Editorial: Heed warnings

AT LEAST four dead, 88 missing, and 160 rescued. That was the report as of noontime Thursday on the sinking of M/V Mercraft 3 in the Polillo Strait between Infanto, Quezon and Polillo Island where the fast craft was headed.

"A survivor, Donel Jade Mendiola, told DZMM radio that bad weather briefly delayed the ferry's departure, but the weather improved and the vessel then left from Quezon's Real town.

Strong winds and large waves started to lash it about two hours into the trip, he said," the SunStar Philippines report read.

Indeed, whether a craft -- sea or air -- flies or not in inclement weather is the decision of the captain, but it always pays to err on the side of caution. Meaning, should a mistake be made in the decision, the mistake should be that nothing happened.

In an announcement of flight cancellations by Cebu Pacific, a netizen commented, "I dont care if theres a typhoon dont you dare cancelling my flight of you will see." This comment earned a long thread of other comments castigating the person as we expect many would.

We understand the frustrations that flight and boat ride cancellations can bring, but we have to understand that when we are up against nature, we must always heed the warnings.

Thus, we lauded residents of flood-prone areas in Matina Crossing who sought temporary shelter at the barangay hall just before Tropical Storm Vinta was expected to make landfall in Davao Oriental Thursday night.

Ermilina Fuyonan, 37, one of those who evacuated said they will not return to their houses unless there will be an announcement that their area is already safe from flood.

Cooperation spells the difference between a successful disaster risk reduction and a disaster.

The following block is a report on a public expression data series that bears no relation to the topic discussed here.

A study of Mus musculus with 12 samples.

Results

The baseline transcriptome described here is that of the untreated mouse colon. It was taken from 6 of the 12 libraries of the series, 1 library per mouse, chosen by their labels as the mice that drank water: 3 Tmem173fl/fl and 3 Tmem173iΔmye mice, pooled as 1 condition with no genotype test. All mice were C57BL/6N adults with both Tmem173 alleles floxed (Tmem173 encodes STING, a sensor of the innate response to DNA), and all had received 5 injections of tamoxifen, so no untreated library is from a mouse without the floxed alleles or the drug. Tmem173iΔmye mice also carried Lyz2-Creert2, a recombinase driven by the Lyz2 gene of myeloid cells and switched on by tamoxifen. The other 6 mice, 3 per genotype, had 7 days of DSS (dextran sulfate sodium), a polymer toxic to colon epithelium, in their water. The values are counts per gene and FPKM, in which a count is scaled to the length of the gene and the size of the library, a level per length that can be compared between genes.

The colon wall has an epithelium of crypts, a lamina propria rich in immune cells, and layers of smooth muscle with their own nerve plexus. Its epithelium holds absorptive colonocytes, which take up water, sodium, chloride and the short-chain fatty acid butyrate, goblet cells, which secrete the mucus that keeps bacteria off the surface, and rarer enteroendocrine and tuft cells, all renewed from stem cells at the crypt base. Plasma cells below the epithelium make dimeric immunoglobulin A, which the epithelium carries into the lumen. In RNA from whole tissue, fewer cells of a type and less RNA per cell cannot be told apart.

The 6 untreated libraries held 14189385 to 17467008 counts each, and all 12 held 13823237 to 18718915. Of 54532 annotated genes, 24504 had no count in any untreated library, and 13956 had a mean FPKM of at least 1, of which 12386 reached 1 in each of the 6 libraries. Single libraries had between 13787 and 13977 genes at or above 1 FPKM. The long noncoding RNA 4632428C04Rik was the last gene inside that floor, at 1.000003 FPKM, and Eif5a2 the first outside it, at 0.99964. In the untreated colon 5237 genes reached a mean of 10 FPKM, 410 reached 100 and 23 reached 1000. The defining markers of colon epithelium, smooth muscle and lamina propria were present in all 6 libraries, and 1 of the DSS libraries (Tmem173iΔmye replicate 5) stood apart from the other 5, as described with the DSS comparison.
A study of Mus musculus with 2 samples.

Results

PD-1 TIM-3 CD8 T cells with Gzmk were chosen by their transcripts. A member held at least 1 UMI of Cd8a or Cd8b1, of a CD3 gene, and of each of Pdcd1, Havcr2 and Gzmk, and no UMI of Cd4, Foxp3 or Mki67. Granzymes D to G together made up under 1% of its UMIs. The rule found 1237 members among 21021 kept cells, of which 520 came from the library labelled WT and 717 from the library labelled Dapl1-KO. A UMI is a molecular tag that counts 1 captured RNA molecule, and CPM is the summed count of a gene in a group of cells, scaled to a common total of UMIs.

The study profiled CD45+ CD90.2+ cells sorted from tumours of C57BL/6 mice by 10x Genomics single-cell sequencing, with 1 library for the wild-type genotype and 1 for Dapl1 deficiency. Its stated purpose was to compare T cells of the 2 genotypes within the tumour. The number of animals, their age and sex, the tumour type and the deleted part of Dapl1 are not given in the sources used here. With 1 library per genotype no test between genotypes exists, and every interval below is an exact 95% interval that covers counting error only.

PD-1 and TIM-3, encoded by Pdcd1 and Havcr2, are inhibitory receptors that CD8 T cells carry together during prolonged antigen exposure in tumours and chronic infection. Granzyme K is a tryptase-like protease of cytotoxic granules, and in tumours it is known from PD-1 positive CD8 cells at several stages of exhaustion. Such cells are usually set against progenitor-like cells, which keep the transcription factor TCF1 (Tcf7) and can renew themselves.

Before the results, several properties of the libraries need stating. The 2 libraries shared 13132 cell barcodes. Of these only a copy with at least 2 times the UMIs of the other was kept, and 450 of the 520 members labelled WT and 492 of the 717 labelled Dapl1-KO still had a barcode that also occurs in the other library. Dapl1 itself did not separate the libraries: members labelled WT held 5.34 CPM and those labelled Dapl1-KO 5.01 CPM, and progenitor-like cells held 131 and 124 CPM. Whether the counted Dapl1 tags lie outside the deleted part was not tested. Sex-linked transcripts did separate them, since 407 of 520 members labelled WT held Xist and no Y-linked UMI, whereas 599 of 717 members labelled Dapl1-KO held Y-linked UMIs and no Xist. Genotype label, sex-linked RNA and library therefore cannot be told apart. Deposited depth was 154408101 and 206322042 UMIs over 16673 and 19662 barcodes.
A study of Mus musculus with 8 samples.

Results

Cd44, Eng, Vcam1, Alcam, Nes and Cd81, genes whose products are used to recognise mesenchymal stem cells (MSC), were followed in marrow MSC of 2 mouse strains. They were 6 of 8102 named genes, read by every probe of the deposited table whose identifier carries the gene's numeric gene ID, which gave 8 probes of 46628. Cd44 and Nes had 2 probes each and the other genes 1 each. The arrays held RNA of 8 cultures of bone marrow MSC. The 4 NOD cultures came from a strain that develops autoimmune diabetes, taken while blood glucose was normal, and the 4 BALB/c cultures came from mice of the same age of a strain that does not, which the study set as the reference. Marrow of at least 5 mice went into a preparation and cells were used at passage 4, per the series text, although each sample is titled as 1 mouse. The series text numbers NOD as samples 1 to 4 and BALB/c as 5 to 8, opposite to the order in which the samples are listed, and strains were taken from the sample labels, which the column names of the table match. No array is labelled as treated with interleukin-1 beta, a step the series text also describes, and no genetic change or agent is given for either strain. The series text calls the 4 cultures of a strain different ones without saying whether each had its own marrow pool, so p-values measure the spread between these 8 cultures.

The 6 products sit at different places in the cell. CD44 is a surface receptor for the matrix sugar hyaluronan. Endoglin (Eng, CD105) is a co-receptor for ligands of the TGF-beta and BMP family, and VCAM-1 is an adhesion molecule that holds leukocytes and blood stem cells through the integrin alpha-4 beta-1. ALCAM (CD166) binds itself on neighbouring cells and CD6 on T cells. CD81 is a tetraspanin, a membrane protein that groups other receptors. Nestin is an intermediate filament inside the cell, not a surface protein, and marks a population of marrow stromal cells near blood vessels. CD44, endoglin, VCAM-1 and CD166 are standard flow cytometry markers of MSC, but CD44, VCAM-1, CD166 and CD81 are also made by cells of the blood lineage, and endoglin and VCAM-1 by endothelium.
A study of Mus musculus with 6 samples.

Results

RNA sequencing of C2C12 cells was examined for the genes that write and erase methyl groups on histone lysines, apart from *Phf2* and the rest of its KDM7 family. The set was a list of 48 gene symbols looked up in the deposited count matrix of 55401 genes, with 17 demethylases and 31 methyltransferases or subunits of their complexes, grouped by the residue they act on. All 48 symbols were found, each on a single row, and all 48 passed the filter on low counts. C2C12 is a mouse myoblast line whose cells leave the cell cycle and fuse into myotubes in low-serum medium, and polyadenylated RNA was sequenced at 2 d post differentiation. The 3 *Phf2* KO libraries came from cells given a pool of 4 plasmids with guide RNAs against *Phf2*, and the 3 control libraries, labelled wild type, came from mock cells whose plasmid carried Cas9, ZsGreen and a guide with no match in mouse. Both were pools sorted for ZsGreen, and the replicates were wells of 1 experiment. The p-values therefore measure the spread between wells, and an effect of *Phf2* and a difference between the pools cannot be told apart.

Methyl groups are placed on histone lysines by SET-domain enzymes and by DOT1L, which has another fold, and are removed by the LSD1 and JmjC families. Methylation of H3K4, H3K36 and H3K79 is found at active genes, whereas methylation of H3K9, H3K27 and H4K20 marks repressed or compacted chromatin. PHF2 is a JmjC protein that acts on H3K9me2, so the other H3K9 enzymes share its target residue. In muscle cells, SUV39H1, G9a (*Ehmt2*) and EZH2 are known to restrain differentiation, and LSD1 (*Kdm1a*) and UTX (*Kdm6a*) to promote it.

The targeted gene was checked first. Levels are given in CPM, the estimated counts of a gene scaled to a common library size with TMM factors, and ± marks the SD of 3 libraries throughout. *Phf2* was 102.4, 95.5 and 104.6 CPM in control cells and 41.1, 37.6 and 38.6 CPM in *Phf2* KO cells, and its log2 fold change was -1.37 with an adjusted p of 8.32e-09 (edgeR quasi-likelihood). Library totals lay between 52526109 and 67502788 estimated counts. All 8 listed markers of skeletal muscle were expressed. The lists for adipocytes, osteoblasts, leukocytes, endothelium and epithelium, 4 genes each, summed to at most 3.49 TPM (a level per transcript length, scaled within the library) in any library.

Cooperation by the people who know the risks they are putting themselves in if they insist on getting their way, cooperation by disaster reduction workers and officials to make the task of spreading the warnings as fast and as far as possible, cooperation by the unaffected to get out of the way so they will not impede the movements of both the people at risk and the rescue workers, cooperation by everybody to help out in a way that will not cause greater inconvenience if not damage.

Typhoons, flashfloods, even earthquakes and fire are nothing new. We've had so many of them to know that man can never stand against nature's wrath.

Let's all make disaster reduction measures easier by doing what must be done.

Evacuate, when evacuation is advised; observe ones surroundings and call the attention of authorities (barangay officials, purok leaders, or police) if unusual things are observed.

Studies have shown that communities that are better-connected bring about better disaster reduction cooperation, thus the challenge is to build communities like these, who look out for each other and work as one when called on to.

So far, we are doing well in our city. Be safe, everyone!